Known by our Love

Sermon Reflection for Sunday, May 19, 2019 | Respectfully submitted by Mal Underwood.

 On this Fifth Sunday of Easter, we were blessed to have Fr. Louis Tonsmiere celebrate the Eucharist and give us a powerful sermon on Christian identity and responsibility found in the Gospel lesson for the day.  The reading was from John 13 and tells of Jesus’ last supper with his closest friends and confidantes on his final night on earth as God incarnate.  Fr. Louis’ message was one characterized by the power of love and how Jesus exhorts us to live into the true meaning of the two greatest commandments to love God with all our heart, soul, mind and strength and to love others as ourselves.  It is how we will be known in the world as followers of our Savior Christ.

 Jesus said, “This is my commandment, that you love one another as I have loved you. Greater love has no one than this – that a person lay down his life for his friends.”  As Fr. Louis told us, these teachings of Jesus are sometimes known as his “hard sayings”, and described them as “heavy” demands, that is, those responsibilities as Christians that are weighty, rigorous, and difficult for us to accomplish. He went on to say that Jesus reminds us there is a cost to love – to be willing to give of yourself and your resources without conditions or limits, even to the point of sacrificing your life as He did for us. I am reminded of quotes from Presiding Bishop Michael Curry’s sermon at the royal wedding of Prince Harry and Meghan Markle.  He said “ultimately the source of love is God himself, the source of all our lives.  As it is written in an old medieval poem, ‘where true love is found, God himself is there’. There is power in love to help and heal when nothing else can. There is power in love to show us the way to live.”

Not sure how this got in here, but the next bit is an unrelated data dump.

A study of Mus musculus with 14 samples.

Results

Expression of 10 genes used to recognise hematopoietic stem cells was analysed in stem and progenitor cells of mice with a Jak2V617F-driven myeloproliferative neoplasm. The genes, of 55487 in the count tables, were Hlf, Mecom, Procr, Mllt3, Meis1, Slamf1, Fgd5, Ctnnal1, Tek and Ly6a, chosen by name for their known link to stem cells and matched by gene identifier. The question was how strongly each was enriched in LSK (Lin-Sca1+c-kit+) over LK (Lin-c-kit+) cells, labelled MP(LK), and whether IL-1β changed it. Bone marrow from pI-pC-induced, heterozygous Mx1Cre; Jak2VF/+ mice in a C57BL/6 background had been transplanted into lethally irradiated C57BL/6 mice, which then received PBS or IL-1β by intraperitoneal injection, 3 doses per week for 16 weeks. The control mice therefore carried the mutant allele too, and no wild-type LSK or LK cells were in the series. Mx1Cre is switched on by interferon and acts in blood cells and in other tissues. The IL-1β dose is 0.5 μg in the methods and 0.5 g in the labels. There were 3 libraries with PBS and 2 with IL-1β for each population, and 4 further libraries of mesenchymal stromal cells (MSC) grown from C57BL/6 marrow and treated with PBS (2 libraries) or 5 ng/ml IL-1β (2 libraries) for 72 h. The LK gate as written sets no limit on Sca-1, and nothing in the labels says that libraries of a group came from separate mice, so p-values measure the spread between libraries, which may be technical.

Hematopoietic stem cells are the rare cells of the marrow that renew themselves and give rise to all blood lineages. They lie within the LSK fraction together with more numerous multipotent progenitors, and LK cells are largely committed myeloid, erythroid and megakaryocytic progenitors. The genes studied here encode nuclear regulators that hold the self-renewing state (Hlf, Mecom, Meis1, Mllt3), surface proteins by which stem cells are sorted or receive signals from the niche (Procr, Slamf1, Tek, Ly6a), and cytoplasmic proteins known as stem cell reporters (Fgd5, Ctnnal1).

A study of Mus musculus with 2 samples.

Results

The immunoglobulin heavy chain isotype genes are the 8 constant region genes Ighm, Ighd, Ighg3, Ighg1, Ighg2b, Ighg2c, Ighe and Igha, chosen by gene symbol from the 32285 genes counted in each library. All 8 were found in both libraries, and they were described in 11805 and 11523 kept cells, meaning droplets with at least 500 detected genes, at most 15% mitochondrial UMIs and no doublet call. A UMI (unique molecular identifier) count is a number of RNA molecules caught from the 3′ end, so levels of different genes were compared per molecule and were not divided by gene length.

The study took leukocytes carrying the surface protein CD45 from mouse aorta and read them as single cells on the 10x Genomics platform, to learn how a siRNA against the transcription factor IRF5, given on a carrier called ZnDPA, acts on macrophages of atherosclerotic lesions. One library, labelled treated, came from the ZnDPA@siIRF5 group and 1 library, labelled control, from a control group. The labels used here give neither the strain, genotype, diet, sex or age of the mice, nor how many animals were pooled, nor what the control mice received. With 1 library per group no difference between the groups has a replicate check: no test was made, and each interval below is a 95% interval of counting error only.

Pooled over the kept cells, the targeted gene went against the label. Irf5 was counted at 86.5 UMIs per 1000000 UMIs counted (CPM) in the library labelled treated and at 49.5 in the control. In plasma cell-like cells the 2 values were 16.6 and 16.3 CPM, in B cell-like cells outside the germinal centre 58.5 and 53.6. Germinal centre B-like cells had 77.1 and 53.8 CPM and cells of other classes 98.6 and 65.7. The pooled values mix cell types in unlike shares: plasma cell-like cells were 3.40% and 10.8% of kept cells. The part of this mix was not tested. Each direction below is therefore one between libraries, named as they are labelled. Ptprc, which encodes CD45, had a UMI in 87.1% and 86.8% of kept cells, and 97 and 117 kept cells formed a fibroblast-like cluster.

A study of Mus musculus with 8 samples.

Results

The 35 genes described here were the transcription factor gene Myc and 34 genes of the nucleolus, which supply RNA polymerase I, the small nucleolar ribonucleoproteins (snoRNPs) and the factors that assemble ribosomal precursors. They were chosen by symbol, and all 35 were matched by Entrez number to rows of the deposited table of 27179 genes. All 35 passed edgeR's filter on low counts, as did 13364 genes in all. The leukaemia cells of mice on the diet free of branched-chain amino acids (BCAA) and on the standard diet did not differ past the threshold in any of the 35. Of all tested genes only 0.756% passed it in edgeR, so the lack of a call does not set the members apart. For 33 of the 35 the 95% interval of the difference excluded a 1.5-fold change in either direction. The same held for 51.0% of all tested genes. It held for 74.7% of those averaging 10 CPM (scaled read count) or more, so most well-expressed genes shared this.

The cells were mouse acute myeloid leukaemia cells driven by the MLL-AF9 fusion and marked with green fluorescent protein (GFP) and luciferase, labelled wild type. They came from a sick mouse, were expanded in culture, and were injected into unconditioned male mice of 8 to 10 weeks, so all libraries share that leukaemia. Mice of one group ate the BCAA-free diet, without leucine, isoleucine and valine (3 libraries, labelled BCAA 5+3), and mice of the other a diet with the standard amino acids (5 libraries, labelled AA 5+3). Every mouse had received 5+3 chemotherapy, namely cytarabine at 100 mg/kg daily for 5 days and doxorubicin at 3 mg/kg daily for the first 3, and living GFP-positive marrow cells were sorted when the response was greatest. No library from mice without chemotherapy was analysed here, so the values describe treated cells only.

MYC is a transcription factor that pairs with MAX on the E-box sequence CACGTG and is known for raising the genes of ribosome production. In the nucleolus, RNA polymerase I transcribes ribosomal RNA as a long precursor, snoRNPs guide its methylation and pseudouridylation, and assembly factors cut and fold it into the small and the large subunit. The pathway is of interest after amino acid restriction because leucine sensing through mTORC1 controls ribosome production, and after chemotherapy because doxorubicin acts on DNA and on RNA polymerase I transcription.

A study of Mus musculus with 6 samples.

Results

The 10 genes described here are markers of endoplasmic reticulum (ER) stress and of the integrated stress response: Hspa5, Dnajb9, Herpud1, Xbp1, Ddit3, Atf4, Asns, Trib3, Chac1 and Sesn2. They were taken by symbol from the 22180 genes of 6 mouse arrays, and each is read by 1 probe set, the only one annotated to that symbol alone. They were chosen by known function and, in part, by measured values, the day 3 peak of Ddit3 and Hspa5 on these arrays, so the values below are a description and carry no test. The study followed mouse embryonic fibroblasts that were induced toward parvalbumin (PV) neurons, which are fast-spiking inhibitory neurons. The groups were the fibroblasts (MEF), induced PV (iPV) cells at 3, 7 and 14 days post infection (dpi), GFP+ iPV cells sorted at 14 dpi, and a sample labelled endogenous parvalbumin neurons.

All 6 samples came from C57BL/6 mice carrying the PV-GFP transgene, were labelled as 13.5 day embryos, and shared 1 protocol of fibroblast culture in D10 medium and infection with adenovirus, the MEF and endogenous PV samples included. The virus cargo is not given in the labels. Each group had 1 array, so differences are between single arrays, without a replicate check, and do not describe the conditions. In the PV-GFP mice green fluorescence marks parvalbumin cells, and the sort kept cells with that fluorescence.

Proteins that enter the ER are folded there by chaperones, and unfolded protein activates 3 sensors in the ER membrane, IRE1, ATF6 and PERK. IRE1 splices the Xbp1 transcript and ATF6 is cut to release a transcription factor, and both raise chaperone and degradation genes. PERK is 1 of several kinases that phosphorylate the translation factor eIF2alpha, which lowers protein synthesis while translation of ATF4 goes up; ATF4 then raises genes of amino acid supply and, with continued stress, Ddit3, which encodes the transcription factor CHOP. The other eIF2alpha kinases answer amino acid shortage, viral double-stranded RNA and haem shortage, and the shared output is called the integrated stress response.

Fr. Louis continued by naming several examples of Christ’s “hard sayings” on the true meaning of living into the love of God:

·         Telling the parable of the Good Samaritan who gave of his time and money to help a Jewish man who had been beaten and robbed on a roadway and left to die after a number of his own people passed by and ignored him. The Samaritans were generally ostracized by the religious elite of the time but the Good Samaritan showed the love of God without hesitation.

·         “Love your enemies and pray for those who persecute you, so that you may be the children of your Father in heaven.”

·         “By this everyone will know that you are my disciples, if you have love for one another.”

·         After washing the disciples’ feet at the last supper Jesus told them, “for I have given you an example, that you should do, as I have done for you.”

 Fr. Louis’ message reminds us of the path we are to follow in life – that in receiving, acknowledging, and sharing the love of God in spite of the self-serving pressures and attacks of the secular world, and in spite of the sacrifice and rigor of loving others as we love ourselves, we are called to love like Jesus.  In this way, the world will know that we are truly His children.